LeBron James and Kyrie Irving

For a while on Tuesday night, it really looked like the Celtics were going to even up this series. They led by 16 points at one point, and LeBron James was struggling in foul trouble. (He also missed a wide-open dunk to the glee of his haters.)

Then Kyrie Irving became unstoppable, James found his groove, and the Cavs left Quicken Loans Arena with a 3-1 lead in the Eastern Conference Finals.

There are a handful of important things we can learn from Game 4. The first is that even bad LeBron is good. He had four fouls by the middle of the second quarter and finished the night with five turnovers. But even playing the second half with four fouls, James totaled 34 points, five rebounds and six assists while shooting 15-for-27 from the field.

As Fox Sports’ Nick Wright noted, this marks James’ second-worst playoff game of the postseason, falling ahead of only an 11-point outing in Game 3 of this series.

Despite consecutive underwhelming performances, James is still averaging north of 28 points, six rebounds, six assists and two steals in the Eastern Conference Finals and 32-8-7-2 for the entire playoffs.

And Irving proved that he can carry this Cavs team when LeBron struggles. Despite rolling his ankle in the third quarter, Irving finished with 42 points, including a five-minute stretch where he dropped 19 in another playoff defining moment. When James left the second quarter with foul trouble, Irving also kept the Cavs close by scoring 12 points in the final 5:11 of the half.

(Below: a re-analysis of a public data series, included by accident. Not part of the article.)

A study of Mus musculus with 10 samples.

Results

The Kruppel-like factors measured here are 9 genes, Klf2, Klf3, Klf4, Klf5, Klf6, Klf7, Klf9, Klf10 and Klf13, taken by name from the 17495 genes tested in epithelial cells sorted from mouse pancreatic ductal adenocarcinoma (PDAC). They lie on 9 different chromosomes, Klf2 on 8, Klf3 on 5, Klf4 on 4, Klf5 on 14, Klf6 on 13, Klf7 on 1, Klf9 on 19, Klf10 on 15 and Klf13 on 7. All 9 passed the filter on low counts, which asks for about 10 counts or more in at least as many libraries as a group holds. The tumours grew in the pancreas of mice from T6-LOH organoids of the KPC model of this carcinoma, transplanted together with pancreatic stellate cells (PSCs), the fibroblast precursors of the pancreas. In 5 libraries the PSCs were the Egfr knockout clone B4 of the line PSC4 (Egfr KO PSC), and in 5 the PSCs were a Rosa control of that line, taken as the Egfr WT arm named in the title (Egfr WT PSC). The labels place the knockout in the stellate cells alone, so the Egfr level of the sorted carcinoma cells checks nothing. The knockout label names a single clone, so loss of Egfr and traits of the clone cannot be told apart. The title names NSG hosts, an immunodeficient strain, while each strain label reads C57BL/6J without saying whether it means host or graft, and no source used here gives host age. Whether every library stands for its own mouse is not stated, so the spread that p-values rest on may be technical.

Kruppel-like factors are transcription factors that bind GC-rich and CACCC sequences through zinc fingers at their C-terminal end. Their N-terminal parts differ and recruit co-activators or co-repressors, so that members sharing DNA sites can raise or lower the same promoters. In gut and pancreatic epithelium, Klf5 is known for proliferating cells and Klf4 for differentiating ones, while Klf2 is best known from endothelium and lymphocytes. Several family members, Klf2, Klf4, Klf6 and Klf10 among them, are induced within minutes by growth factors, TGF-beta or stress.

He had plenty of highlights, but this behind-the-back fake was absolutely filthy.

After the Celtics took a 16-point lead midway through the second quarter, James and Irving reached a new gear, and Boston was doomed. From that point on, the Cavs duo outscored the Celtics, 60-50.

Although the Celtics have been more competitive in the last two games without Isaiah Thomas, it’s worth noting that Thomas is an insanely great fourth-quarter scorer. The arguments that the Celtics are better without Thomas are ridiculous, and it’s obvious they could have used him during the fourth quarter of Game 4.

We already know Thomas won’t be coming back this season. His hip injury could still require surgery.

The Celtics made do without him in Game 3 as Marcus Smart uncharacteristically torched the Cavs from three and Avery Bradley received the kindest of rolls on his game-winning three. Maybe Boston can steal a win at home in Game 5, but the second half of Tuesday’s game erased any remaining doubt that this series will be over by Game 6.

About Jesse Kramer

Jesse is a writer and editor for The Comeback. He has also worked for SI.com and runs The Catch and Shoot, a college basketball website based in Chicago. He is a graduate of the Medill School of Journalism at Northwestern University. Follow Jesse on Twitter @Jesse_Kramer.